28 July 2013
Network Rail to recycle rubbish into railway sleepers. Material from old car bumpers and plastic bottles will replace timber railway sleepers in trial on slower lines. Britain's railways are turning to recycled plastic in a trial of environmentally friendly railway sleepers. Network Rail is to fit up to 250 of the green railway sleepers, made from old car bumpers and plastic bottles, on the network this summer. The material will replace traditional timber railway sleepers, which are still common on slower lines.
Jerry England, director of engineering at Network Rail said: "This is an important scheme for Network Rail, helping recycling while putting waste to good use. Rail has the enviable position of being the most environmentally friendly and sustainable form of transport, and it is new thinking like this that will help us to improve our record further."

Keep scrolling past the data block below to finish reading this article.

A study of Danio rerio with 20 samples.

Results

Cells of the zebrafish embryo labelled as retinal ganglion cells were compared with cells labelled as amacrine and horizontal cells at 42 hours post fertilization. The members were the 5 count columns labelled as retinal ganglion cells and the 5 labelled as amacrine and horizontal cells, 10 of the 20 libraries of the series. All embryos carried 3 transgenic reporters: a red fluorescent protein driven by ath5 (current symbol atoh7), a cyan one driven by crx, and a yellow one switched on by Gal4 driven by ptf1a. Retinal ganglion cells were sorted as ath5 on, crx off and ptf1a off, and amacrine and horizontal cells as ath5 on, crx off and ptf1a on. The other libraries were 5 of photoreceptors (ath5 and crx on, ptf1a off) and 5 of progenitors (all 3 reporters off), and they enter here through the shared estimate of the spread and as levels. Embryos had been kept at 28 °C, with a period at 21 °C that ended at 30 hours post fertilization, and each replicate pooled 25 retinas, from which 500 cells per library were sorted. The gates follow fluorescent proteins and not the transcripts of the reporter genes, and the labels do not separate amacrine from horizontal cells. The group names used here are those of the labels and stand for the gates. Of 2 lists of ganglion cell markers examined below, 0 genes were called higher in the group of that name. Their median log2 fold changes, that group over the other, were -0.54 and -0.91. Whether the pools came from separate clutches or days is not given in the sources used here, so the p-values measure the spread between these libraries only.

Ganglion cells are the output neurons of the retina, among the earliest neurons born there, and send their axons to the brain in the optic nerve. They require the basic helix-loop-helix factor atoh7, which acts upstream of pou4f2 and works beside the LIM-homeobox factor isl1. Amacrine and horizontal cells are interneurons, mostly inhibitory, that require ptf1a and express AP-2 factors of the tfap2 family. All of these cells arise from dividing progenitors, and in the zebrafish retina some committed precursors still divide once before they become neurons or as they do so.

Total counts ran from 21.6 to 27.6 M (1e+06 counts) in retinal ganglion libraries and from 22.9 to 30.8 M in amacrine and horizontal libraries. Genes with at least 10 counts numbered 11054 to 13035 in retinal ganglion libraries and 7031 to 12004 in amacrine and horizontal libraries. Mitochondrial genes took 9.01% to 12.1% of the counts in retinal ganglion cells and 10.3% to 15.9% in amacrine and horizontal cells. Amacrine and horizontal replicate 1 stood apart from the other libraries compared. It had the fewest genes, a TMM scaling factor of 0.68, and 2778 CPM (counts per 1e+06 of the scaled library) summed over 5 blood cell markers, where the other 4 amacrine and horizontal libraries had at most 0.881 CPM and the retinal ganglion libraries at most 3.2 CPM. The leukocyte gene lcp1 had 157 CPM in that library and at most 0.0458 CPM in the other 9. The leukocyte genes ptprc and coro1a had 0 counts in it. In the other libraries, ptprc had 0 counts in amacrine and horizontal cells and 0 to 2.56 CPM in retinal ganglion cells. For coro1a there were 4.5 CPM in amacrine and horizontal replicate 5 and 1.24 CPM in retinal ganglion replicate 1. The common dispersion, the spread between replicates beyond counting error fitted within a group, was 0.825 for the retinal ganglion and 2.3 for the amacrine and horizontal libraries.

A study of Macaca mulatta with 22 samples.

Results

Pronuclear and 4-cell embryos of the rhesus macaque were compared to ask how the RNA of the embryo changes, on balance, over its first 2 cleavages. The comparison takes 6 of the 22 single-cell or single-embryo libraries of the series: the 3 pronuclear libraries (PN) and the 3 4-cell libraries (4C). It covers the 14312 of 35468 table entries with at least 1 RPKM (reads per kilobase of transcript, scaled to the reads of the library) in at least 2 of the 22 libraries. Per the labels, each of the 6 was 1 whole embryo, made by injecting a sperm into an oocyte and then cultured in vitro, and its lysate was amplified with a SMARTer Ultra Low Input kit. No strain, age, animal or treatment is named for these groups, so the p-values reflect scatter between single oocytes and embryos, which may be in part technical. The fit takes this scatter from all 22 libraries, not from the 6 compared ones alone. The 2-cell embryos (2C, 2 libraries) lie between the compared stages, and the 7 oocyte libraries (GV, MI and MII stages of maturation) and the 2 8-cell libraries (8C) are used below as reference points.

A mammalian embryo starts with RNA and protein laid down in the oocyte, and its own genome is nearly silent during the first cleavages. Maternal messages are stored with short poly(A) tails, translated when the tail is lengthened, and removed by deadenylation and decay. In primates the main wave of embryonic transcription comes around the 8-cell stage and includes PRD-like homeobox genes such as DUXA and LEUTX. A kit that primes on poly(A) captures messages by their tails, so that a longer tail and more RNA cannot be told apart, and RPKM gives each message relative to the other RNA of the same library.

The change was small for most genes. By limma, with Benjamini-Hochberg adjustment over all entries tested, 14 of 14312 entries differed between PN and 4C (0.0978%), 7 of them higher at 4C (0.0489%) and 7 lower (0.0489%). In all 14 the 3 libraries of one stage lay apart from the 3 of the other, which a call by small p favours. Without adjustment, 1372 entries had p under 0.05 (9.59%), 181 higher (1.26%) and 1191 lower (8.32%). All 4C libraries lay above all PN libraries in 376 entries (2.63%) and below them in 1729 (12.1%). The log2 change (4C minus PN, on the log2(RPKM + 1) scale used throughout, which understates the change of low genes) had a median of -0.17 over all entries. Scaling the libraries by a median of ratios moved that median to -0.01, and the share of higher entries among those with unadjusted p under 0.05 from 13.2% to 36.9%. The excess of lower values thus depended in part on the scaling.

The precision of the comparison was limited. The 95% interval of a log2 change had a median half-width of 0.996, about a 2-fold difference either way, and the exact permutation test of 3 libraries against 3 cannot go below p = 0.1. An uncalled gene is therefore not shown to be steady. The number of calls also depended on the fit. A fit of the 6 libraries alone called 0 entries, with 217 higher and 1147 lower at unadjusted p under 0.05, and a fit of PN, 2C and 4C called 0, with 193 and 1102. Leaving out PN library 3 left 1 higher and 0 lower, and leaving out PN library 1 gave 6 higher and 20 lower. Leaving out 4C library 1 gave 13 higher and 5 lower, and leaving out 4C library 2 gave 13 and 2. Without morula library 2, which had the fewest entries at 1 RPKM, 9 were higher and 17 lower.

The railway sleepers which use around 60 kilograms of recycled plastic are supplied by i-plas, a plastic waste recycling company, based in Halifax. Howard Waghorn, managing director, said they saved raw materials and would last for more than 30 years. "This is plastic that would otherwise go to landfill." Most of the plastic comes from industrial waste. Similar recycled railway sleepers are already common on railways in Holland and the US.
Network Rail fits some 185,000 timber railway sleepers each year, around 13% of the total. The rest are concrete and steel, which are more expensive and less versatile. The recycled railway sleepers are currently being tested. "We need to know how they behave and react to events such as fire," a spokesman said.